Dir: Nabwana I.G.G.
Star: Nalwanga Gloria, Alan Hofmanis, Bisaso Dauda, Kasule Rolean
Every time I watch one of these Wakaliwood productions, I start off shaking my head at how utterly terrible they are. But every time, I end up laughing hysterically with the film. There’s just something about the approach which is relentless, and as irresistible as a tidal wave. You can’t stand up against it, you just have let it sweep you away, and take you where it will. In this case, it’s loosely the life story of Black (Gloria), an orphan who runs away from home, and ends up leader of the biggest local gang. She vows revenge on the ultra-rich – well, by Kampala standards – Hirigi (Dauda), who had tormented her when she was young. There’s also Western doctor Alan Ssali (Hofmanis), who goes on his own rampage of revenge after Black steals his father’s commando dog tags – pausing only to be trained in kung-fu by young street kid, Wesley Snipes (Rolean).
As ever, none of this makes sense and there’s no way it could possibly work as a film. Except, of course, it does, albeit only in the universe it inhabits; one where the film will, itself, fast-forward through what it regards as boring exposition. This is also one where VJ Emmie provides his usual sardonic stream of over-dubbing, pointing out actors from other Wakaliwood movies, or proudly announcing when the film becomes Uganda’s first women-in-prison movie. The commentary reaches its peak when Dr. Ssali is spraying around a machine-gun: “This doctor needs borders!” roars Emmie. All this and a Zoe Bell reference too. It’s safe to say the VJ elevates proceedings to a whole new level of surrealness.
Though it does take a little while to get there. Early on, this feels almost like a gritty slice of life in the grim slums of Kampala, eye-popping in its poverty. This is despite an opening in which Black’s father, Swaaz (named after Schwarzenegger, naturally), robs a currency exchange to pay for her mother’s medical care. The crime leads to a car-chase, complete with delightfully naive miniature effects. Generally though, it’s almost distressingly serious in the way it opens, and it’s only gradually that the trademark Nabwana excess comes to dominate proceedings.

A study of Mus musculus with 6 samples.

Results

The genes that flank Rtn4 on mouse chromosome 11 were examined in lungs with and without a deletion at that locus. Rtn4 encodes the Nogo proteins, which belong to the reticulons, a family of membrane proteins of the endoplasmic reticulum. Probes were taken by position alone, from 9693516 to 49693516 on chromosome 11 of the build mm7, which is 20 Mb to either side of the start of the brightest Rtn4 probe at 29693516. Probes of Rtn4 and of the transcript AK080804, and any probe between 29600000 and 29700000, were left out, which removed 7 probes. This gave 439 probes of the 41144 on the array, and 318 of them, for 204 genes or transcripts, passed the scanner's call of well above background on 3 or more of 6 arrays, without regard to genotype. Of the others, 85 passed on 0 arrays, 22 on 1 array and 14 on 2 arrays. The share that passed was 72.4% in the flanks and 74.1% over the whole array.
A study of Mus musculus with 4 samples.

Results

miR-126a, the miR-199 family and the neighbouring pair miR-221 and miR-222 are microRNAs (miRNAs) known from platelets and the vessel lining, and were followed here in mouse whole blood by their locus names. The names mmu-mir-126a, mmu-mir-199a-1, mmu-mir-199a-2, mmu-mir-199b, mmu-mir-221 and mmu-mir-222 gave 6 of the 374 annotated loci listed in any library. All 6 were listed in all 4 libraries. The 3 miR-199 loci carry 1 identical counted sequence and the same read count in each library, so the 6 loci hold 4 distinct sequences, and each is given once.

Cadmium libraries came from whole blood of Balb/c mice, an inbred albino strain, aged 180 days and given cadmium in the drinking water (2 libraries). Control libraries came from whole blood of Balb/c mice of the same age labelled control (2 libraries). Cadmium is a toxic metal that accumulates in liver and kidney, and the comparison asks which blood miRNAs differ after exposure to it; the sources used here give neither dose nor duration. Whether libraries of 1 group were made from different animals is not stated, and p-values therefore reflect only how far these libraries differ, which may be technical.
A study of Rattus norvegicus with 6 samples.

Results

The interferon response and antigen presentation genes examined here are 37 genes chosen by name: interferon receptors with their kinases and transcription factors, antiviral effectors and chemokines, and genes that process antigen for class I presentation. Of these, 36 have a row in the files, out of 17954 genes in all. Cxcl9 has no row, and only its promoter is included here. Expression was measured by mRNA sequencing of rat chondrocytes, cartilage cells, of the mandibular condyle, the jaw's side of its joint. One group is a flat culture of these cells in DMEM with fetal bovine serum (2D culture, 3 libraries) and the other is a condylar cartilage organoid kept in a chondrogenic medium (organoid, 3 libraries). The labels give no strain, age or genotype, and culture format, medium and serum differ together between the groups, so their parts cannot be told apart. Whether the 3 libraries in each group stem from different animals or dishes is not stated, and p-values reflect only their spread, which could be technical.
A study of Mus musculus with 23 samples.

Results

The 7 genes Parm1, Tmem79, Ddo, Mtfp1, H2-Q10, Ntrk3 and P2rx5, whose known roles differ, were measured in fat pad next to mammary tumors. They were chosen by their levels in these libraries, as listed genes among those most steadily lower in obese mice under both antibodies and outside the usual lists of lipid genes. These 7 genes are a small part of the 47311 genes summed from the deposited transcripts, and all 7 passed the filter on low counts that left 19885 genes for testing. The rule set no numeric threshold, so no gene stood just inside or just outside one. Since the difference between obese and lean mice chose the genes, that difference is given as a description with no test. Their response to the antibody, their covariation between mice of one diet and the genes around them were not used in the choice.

Interestingly, according to Wikipedia, “Bad Black” is the nickname of Shanita Namuyimbwa, “a Ugandan socialite, commercial sex worker, and extravagant spender,” who was active around 2010, and ended up going to prison like the heroine here – for embezzlement in her case. I’m pretty sure she would be known to Nabwana, which perhaps helps explains the description of this on the poster as “a supa true story” film. Whatever next? Will we discover Captain Alex is a real person too? To be honest, it doesn’t matter much, though I would be curious to find out what Ms. Namuyimbwa thinks of her depiction. Also per Wikipedia, the budget on this was $85. Nope, there are no zeroes missing off the end of that figure. I really cannot think of a better way that money could have been spent.